Francesca Chambers and Alex Roarty, McClatchy Washington Bureau on

Published in News & Features

WASHINGTON — Democrats’ increasing focus on defeating Republicans in next year’s midterm elections as the best way to push voting rights forward is angering progressive activists and civil rights leaders, who say the strategy risks backfiring and overlooks the need for immediate action.

The disagreement is the latest example of the growing rift between the Biden administration and its allies over how to respond to a wave of new GOP-backed voter restrictions they say will make it harder for minorities to vote.

“You lose elections, that’s what’s next,” said civil rights attorney Bakari Sellers. “You can’t take the voters who literally have not just voted for you, but died for these rights and not care about them or put their various issues at the forefront. The belief that somehow we’re just going to out-organize voter suppression is disappointing at best, asinine at worst.”

The White House says it is continuing, first and foremost, to press lawmakers to pass federal voting reforms.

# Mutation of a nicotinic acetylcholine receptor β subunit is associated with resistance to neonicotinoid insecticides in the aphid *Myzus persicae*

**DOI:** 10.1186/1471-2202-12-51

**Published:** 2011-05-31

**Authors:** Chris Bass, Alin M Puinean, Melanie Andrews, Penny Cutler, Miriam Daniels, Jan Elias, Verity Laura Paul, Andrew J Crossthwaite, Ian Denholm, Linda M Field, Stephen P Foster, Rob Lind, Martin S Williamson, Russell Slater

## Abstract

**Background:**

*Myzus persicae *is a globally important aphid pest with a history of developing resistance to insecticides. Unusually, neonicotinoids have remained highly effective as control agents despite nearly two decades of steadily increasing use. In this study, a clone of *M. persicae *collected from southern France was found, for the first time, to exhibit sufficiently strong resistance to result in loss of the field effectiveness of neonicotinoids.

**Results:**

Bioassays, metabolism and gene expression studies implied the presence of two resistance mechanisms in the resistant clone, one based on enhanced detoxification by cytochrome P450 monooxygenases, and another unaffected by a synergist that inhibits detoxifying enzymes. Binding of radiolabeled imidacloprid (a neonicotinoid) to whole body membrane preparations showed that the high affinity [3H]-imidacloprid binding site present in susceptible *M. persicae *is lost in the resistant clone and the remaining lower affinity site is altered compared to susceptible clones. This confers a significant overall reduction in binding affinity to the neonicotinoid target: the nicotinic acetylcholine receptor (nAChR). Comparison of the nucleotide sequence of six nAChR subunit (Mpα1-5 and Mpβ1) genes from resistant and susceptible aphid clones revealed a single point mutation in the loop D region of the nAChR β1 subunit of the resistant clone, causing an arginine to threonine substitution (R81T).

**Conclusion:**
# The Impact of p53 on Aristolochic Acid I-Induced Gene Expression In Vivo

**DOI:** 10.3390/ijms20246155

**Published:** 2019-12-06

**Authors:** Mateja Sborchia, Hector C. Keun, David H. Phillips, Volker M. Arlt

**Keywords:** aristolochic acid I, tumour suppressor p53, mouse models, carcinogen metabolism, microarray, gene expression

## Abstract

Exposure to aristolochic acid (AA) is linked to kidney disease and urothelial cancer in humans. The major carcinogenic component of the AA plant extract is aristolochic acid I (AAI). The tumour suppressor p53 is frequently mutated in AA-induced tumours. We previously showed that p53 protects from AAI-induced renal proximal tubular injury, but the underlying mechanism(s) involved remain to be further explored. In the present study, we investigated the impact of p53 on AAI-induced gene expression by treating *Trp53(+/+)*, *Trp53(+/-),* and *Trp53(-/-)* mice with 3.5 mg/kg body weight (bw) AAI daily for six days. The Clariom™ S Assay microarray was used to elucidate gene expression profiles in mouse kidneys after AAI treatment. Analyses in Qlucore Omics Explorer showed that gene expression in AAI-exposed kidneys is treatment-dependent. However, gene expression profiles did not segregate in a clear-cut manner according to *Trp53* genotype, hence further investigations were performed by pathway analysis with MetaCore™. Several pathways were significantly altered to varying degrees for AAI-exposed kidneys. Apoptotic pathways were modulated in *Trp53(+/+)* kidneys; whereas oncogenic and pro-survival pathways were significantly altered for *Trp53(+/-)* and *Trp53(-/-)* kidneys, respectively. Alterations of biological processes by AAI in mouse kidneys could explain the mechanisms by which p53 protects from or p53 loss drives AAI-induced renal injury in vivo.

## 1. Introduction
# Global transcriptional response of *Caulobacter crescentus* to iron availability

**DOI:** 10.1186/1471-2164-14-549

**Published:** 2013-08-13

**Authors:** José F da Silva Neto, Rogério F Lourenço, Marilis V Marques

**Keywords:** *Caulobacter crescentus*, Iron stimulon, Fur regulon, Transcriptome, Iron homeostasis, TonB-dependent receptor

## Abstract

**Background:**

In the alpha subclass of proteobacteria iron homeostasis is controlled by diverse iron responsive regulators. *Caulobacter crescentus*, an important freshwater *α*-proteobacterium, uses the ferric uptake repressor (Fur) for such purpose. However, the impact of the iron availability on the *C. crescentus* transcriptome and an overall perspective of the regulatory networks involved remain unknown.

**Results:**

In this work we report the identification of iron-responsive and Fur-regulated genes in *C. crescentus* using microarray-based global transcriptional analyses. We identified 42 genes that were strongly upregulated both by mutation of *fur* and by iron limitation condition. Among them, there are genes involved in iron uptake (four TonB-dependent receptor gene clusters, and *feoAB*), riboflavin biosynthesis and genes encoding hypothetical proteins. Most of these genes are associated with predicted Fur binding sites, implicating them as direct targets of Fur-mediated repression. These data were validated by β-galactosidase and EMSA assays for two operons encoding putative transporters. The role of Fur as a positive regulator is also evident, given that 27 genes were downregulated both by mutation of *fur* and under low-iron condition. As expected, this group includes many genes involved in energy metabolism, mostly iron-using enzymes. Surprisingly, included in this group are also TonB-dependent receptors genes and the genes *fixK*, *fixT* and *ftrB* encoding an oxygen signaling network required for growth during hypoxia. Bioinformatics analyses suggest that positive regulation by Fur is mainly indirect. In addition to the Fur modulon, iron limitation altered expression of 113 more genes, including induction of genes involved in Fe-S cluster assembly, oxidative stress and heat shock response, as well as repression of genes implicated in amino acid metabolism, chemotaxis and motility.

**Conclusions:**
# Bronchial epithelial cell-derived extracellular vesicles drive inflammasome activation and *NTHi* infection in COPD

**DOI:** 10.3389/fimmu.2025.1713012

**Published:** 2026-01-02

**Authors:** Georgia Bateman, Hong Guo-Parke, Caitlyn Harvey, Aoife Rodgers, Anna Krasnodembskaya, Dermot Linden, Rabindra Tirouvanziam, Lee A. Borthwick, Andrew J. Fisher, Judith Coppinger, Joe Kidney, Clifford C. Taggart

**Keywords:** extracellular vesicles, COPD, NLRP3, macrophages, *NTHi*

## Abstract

But President Joe Biden has refused to tell Democrats they should change the rules of the U.S. Senate to allow voting rights legislation to pass over the objection of Republicans. Supporters of the new voting rights measures want him to make more frequent use of his bully pulpit.

“We need this federal legislation now,” said Lisa Cylar Barrett, the NAACP Legal Defense Fund’s director of policy. “Waiting a number of years is certainly not an option.”


If the voting rights reforms Democrats want to see become law are enacted after the midterm elections, they wouldn’t be implemented in states until 2023 at the earliest. And that would happen only if Democrats stay in full control of Congress after the election, a historically rare feat for the incumbent president’s party.

Progressive activists are warning that without greater prioritization of voting rights issues, Black voter turnout could be low in the next election.

Of particular frustration for activists were Biden’s comments during a CNN town hall last week, when he suggested Democratic voters could still turn out en masse to the ballot box next year, in spite of new restrictions on voting access.

“Look, the American public, you can’t stop them from voting,” Biden said. “You tried last time. More people voted last time than any time in American history, in the middle of the worst pandemic in American history. More people did. And they showed up. They’re going to show up again. They’re going to do it again.”